It's Not Just a Guy Thing: Identifying Socially Valid Interventions to Address the Complex Needs of Adolescent Girls with ASD

Friday, May 15, 2015: 5:30 PM-7:00 PM
Imperial Ballroom (Grand America Hotel)
R. Jamison1 and J. Schuttler2, (1)Pediatrics, CCHD, KU Medical Center, Kansas City, KS, (2)Center for Child Health and Development, University of Kansas Medical Center, Kansas City, KS
Background: Females with Autism Spectrum Disorders (ASD) are a vulnerable population at risk for internalizing symptoms (Solomon, et al., 2012) and increased social impairment during adolescence (McLennan et al., 1993), yet this population remains understudied,with females representing less than 15% of participants in ASD samples across published intervention studies (Watkins et al., 2014). Despite growing evidence for social skills programs targeting adolescents and young adults (Tse et al., 2007; Laugeson et al., 2009 & 2011), there are no published intervention studies specifically targeting females with ASD and interventions rarely address co-occurring internalizing symptoms. A 4:1 prevalence in males (Fombonne, 2003) and later diagnosis in females (Begeer et al, 2013) results in a predominantly male pool for research and a gap in understanding girls with ASD (IACC, 2010). Limited research in this population, changes in social demands across development, and the importance of positive social and emotional health, suggest a critical need for interventions that address the complex needs of adolescent females with ASD. Research is needed to determine whether current interventions are appropriate for females (Kirkovski et al, 2013; Koenig & Tsatsanis, 2005; Rivet & Matson, 2011) and if results should be generalized across individuals with ASD.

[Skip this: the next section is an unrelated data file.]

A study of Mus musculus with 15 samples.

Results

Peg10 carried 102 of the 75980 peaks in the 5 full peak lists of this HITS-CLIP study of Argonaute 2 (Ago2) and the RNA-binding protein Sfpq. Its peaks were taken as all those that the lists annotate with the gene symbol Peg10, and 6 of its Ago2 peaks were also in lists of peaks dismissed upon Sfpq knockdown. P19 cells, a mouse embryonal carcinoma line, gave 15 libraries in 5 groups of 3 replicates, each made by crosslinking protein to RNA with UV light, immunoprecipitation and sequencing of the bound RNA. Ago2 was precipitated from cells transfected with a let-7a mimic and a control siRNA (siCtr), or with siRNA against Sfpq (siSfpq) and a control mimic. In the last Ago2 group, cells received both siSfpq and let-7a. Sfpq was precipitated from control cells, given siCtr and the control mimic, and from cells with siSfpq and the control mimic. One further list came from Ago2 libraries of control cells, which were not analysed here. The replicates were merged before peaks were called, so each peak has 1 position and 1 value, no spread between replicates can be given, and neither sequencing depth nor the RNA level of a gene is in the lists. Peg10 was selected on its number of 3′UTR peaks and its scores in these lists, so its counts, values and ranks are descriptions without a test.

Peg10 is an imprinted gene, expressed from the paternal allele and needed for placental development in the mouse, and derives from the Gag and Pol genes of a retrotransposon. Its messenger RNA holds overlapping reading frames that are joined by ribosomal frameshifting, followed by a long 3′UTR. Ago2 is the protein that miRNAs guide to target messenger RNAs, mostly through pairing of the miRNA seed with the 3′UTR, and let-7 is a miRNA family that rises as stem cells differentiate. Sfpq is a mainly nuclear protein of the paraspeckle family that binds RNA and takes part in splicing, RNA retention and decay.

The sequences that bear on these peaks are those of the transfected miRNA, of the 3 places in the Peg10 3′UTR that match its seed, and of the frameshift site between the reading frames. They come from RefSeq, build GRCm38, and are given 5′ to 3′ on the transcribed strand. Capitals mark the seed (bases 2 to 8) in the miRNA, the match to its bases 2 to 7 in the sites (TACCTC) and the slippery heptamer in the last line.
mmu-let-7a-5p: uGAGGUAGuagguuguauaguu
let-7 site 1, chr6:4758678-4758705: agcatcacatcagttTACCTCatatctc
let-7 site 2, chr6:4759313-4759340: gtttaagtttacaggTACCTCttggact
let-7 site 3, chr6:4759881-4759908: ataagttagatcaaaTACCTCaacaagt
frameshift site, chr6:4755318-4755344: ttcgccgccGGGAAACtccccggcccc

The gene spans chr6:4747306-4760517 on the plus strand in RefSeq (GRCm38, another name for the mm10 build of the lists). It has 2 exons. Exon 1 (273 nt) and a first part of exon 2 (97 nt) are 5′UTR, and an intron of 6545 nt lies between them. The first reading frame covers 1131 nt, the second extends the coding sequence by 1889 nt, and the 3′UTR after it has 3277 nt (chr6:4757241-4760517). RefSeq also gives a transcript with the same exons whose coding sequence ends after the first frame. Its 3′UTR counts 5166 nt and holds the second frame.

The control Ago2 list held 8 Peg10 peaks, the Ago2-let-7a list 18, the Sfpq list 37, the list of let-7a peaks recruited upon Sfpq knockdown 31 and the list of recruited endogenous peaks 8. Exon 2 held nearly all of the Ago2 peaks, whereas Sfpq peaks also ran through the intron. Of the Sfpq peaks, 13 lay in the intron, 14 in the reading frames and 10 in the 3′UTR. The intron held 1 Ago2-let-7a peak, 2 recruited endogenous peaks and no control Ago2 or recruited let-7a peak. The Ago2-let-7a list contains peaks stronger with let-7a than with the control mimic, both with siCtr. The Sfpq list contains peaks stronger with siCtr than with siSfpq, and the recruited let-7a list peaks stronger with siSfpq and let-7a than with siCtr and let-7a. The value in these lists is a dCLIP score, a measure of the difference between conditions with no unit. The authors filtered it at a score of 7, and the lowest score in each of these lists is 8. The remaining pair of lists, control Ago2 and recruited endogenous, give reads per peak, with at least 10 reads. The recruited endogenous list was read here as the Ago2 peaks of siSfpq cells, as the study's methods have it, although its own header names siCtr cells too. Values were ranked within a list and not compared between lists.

Objectives: Ourlong term goal is to understand key factors that contribute to social competence across development, resulting in innovative interventions and preventive measures to improve the social-emotional health of females with ASD and related disabilities. Our current objective is to establish preliminary evidence for an intervention package that targets social competence and co-occurring internalizing symptoms in adolescent girls with ASD.

Methods: We utilized a repeated measure, within subjects design including participants from multiple intervention groups to examine the preliminary efficacy of our intervention and obtain effect size estimates to power a future multi-site RCT. We hypothesizedthat targeting age and gender specific social and self-care skills through strategies based in cognitive-behavioral and social learning theories will result in: 1) improved social competence and self-perception and 2) fewer autism and internalizing symptoms, from pre-to post intervention in adolescent girls with ASD (ages 14-19).

Results: Participant data (n = 18) across intervention groups (n = 5) from the past four years suggests significant, medium to large effect size estimates for improvements in social competence (d = .529) and self-perception (d = .53) and significant decreases in internalizing symptoms (d = .47) following intervention. Consumer satisfaction (n = 30-35) from parents, participants, and peers is high (satisfaction with program activities = 4.5/5.0; positive changes in specific skills = 3.5/5.0). These data, including treatment fidelity data, suggest preliminary support for the efficacy and social validity of our intervention.

Conclusions: Outcomes include significant improvements in a core area impacted by ASD (social competence) and co-occurring symptoms prevalent in our population, providing evidence for novel approaches that target females with ASD. Continuing to study primarily male samples will perpetuate current disparities in ASD research and limit the development of appropriate interventions to improve the lives of females with ASD.